Arizona state Sen. Wendy Rogers appeared yesterday on a right-wing conspiracy theory program, where she praised the host for telling the “truth” after he falsely claimed that the coronavirus doesn’t exist and that COVID-19 vaccines have killed over 55,000 people.
She has frequently appeared in right-wing media, including former Trump adviser Steve Bannon’s program and One America News. She’s also repeatedly gone on the antisemitic outlet TruNews with white nationalist Lauren Witzke. Former President Donald Trump recently praised Rogers while speaking in Arizona.
Most recently, Rogers went on the August 4 edition of the Stew Peters Show. Host Stew Peters is a right-wing conspiracy theorist who has pushed false claims about the coronavirus. He has also called for the execution of Dr. Anthony Fauci, the director of the National Institute of Allergy and Infectious Diseases. In addition to Rogers, Arizona Republican Party Chair Kelli Ward and Rep. Paul Gosar (R-AZ) have also appeared on Peters’ program.
During the interview, Rogers promoted her call to arrest election officials in Maricopa County who are not going along with the fraudulent Arizona “audit.” She also talked about the pandemic and urged people to fight against vaccine mandates in the workplace. Peters continued the discussion by falsely claiming that “the fact is, nobody can prove that a virus exists” and that vaccines have actually killed over 55,000 people. That lie has no basis in reality.
Rogers responded to Peters by claiming that the truth is being “suppressed” and praised him for “being brave to get this truth out.” From that coronavirus discussion:
STEW PETERS (HOST): As a America first conservative myself, I don’t like over-regulation. I don’t like big government. But there is a time when government needs to step in, and that is to stop some of this nonsense that's happening. If this virus was killing everybody and these shots were actually vaccines, which we now know they're not.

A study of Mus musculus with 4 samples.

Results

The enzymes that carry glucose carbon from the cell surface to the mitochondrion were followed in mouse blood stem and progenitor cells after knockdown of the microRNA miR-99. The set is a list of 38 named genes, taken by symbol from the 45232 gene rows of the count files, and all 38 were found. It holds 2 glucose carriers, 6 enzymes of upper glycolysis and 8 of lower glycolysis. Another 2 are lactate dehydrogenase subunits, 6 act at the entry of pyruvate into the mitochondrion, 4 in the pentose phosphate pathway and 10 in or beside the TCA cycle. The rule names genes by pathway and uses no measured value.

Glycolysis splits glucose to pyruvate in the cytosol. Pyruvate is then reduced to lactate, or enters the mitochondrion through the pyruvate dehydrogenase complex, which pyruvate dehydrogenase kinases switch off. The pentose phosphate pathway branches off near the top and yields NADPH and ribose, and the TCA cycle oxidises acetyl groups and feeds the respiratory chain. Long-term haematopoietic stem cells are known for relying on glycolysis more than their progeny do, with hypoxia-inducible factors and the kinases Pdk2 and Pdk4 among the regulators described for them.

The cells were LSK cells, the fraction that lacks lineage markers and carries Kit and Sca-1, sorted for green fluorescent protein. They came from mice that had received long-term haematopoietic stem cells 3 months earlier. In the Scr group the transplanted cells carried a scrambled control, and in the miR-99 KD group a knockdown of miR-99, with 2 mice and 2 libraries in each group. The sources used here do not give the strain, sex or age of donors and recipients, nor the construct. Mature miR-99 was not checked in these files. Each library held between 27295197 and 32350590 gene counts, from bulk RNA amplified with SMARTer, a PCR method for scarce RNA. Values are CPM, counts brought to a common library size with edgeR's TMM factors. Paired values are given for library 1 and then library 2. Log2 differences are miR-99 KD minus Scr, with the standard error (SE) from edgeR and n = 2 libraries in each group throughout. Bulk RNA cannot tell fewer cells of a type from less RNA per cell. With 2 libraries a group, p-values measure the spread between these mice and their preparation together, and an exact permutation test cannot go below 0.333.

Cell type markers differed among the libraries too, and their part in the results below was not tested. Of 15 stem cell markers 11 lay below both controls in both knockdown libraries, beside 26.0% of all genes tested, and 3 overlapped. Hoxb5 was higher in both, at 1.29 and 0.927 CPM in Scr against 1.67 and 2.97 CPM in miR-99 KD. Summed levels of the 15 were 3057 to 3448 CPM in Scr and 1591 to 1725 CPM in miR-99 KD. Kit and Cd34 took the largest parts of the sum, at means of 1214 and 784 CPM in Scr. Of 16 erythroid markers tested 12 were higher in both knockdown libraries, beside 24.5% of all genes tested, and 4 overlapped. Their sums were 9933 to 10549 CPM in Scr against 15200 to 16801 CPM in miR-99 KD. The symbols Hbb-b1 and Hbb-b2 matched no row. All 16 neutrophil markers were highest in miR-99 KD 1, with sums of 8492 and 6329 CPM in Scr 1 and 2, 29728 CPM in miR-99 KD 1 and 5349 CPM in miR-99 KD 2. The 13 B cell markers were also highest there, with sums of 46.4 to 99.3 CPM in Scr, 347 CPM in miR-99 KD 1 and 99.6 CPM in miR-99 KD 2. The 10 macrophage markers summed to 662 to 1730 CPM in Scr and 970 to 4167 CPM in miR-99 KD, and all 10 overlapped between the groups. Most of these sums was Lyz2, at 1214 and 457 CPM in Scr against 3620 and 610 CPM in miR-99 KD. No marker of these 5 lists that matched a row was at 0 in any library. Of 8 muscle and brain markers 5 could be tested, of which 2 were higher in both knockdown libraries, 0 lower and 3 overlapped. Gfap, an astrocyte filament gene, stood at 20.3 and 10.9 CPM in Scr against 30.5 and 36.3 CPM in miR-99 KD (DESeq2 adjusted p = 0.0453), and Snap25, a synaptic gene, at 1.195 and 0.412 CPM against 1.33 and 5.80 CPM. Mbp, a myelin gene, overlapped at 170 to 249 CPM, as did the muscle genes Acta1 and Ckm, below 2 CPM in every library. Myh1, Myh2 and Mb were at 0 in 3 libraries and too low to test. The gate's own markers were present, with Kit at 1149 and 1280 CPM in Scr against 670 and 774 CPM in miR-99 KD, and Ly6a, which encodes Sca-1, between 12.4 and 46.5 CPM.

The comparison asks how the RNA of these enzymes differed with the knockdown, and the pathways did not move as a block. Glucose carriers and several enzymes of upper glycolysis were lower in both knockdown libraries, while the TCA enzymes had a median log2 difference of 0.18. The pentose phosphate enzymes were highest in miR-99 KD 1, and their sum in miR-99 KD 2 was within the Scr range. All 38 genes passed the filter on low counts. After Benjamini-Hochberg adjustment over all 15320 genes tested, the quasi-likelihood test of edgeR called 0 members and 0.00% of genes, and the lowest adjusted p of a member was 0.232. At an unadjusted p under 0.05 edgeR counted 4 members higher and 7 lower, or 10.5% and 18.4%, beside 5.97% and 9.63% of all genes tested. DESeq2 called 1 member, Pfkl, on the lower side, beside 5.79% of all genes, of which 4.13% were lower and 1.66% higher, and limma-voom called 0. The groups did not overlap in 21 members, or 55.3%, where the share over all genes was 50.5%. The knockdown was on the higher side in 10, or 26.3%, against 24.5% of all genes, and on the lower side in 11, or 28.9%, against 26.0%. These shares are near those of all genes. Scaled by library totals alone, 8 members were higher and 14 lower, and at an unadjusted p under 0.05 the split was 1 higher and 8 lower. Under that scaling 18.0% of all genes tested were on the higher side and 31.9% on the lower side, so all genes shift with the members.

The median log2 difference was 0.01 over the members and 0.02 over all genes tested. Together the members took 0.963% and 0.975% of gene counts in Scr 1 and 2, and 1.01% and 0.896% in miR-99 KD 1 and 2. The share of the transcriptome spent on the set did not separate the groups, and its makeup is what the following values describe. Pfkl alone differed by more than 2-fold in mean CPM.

WENDY ROGERS: Right.
PETERS: And they were actually approved and they were actually doing more good than harm, I'd be all for them. I would be all for them. But the fact is, nobody can prove that a virus exists. If this set of symptoms, if you do come down with this set of symptoms, you have a 99.989 percent chance of beating it.
PETERS: And these injections are reported to have killed over 50,000 people, according to --
PETERS: -- a CDC whistleblower.
PETERS: Which, as I mentioned just moments ago, is more people than died in the Korean War. I mean, we mourn 3,000-roundabout tragic deaths from 9/11 every year. It's an anniversary that, where we ring a bell, we go through an entire day of naming these people by name. We don't even know these 55,000-some-odd people. They’re a number in VAERS [Vaccine Adverse Event Reporting System]. It's ridiculous.
ROGERS: Well, and the fact that the truth of that is suppressed is even really troubling.
PETERS: It’s criminal.
ROGERS: And I -- my hats off to you, Stew, and other alternative sources of media for being brave to get this truth out.